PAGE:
Dragon Ball Chapter 505


Tankōbon Title Page
Tankōbon Title Page
Kanzenban Title Page
Kanzenban Title Page
Full Color Title Page
Full Color Title Page

挑発するベジット

Chōhatsu Suru Bejitto

Vegetto the Instigator

Chapter Information

Premiered: 07 February 1995 (Weekly Shōnen Jump 1995 #10)
Corresponding:
Dragon Ball Z (Original Broadcast)
Dragon Ball Kai (“Refreshed” Broadcast)

Availability:
  • Digital Monochrome Edition Volume 42 (12 October 2012)

Chapter Synopsis

Boo can’t believe this, and Vegetto agrees, saying he can’t believe it himself either. Boo starts shaking, looking a bit constipated, and then begins spitting out little ghosts with Boo’s head. Boo announces Super Ghost Kamikaze Attack and Vegetto recognizes it as the absorbed Gotenks’ technique. Boo sends the ghosts toward Vegetto, but Vegetto vanishes. He reappears off to the side and throws small blasts at the ghosts, blowing them all up. Vegetto taunts Boo, saying how easy that was since the technique was thought up by a kid. Boo screams in frustration, as Old Kaiōshin wishes Vegetto would just finish the job and stop fooling around. Vegetto wants Boo to get serious, and so Boo angrily comes flying at him, saying it was unfair to fuse. Vegetto comments that Boo’s fused with lots of people, as he holds off Boo’s strikes with only his feet.

Dende is flying along, holding Satan, and Dende can hear the sounds of the battle off in the distance. Back at the battle, Vegetto kicks Boo square in the face, and Boo glares back at him in disgust. Vegetto tells Boo that he can’t win at all, but Boo smirks, asking if he likes coffee candy. Boo suddenly zaps Vegetto, and he becomes a candy ball. Boo holds the candy in his hand and gleefully laughs. Kaiōshin can’t believe this, while Old Kaiōshin yells at those idiots for goofing around too much. Boo holds the candy ball out in a fist, saying he’s finally done it, but then he suddenly punches himself in the face. He drops the candy from his fist, and it floats there talking to him. Vegetto says his strength hasn’t changed, and proclaims himself the strongest candy ball in the universe. On top of that, he’s smaller, and harder to hit now. The Vegetto candy ball flies at Boo, hitting him in the stomach and face. Boo swats at him, but keeps missing, as the ball repeatedly slams into him, knocking Boo around.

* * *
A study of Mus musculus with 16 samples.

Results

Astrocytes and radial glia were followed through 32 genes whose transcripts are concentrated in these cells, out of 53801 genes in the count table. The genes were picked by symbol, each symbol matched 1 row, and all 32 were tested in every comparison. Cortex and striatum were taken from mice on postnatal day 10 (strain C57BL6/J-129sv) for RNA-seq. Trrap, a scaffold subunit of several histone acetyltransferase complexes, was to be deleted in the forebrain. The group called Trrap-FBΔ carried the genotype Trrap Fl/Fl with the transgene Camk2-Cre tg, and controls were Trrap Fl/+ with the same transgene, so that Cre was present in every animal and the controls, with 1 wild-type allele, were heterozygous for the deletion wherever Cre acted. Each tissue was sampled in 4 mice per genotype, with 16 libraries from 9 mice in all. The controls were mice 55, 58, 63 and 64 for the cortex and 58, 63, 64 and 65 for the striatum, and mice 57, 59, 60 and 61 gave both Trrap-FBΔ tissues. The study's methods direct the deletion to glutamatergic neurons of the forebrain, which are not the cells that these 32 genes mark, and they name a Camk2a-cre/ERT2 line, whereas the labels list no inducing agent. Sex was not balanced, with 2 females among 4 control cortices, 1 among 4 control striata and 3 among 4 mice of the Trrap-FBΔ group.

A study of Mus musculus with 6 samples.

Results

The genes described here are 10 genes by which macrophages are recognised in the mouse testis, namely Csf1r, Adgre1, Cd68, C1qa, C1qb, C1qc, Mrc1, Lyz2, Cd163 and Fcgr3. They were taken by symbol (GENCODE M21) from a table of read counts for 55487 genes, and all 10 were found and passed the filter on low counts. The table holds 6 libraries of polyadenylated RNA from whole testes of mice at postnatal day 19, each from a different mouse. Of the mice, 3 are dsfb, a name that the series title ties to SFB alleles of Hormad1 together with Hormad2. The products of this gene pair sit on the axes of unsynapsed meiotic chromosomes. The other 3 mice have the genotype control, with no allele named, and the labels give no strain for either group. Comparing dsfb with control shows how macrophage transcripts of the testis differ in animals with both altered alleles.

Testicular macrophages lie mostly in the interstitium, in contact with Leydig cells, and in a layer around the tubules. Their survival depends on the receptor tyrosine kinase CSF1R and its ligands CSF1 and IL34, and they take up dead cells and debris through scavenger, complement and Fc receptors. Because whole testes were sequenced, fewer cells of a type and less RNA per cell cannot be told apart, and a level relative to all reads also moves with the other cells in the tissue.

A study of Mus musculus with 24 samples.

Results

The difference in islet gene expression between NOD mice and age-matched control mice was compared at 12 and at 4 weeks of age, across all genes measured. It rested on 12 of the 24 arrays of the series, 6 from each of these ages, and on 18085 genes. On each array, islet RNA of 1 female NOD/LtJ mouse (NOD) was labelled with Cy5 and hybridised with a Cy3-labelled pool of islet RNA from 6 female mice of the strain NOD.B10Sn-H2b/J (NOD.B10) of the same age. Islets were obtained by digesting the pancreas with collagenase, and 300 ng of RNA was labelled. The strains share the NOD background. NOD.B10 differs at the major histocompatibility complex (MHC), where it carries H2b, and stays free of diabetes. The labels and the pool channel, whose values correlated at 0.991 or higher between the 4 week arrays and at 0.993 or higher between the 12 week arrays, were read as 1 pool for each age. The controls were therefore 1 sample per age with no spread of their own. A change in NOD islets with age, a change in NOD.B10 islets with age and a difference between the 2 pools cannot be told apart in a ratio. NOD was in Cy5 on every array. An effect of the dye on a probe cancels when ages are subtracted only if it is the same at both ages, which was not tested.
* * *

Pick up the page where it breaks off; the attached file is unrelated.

Vegetto then flies through Boo’s mouth and out the back of his head, cutting off a chunk of his forelock. Boo finally concedes and returns Vegetto back to normal. The Kaiōshin really hope Vegetto will stop goofing around. Vegetto supposes he should finally end this, so he’ll give Boo until the count of ten. “1… 2… 3… 4…” Thinking to himself, Vegetto hopes Boo will hurry up and realize something. “5…” Boo thinks he has to absorb him, but how… He remembers his piece of forelock that was cut off by the candy, and suddenly turns it into a blob. “7… 8…” Vegetto is glad he’s finally realized it, thinking how he cut that piece off on purpose. “9…” Vegetto hopes this will work. “10!!” The blob starts to envelop Vegetto, but he quickly puts up a barrier. Boo brings the blob back to himself, absorbing it into his body, and is pleased with his idea.

Chapter Notes

  • Each issue of Weekly Shōnen Jump features short comments from the various series’ authors, giving fans a brief insight into their current thoughts, ranging from series-related announcements to trivial happenings in their personal lives. Akira Toriyama’s comments from this issue were:
    連日報道の被害状況を聞き適切な言葉もでない。被災者の皆様に心よりお見舞い申し上げます。<明>

    I can’t find the right words to say, listening to these reports of death and damage day-in, day-out. To all the victims, you have my deepest sympathies. <Akira>

    Toriyama is referring to the Great Hanshin-Awaji Earthquake of 1995, which destroyed substantial swathes of Kobe and killed over 6,400 people. It was Japan’s worst natural disaster since the Great Kanto Earthquake of 1923, and had Japan’s single greatest postwar loss of life until the Great East Japan Earthquake & Tsunami of 2011.

Page Breakdown

The majority of the Dragon Ball series was drawn in black and white, but chapters were occasionally published with color pages. This breakdown notes how many full-color, limited-color, and black-and-white pages appeared in this chapter. As the tankōbon volumes were not released with these colors intact, any color pages shown are taken from the kanzenban release.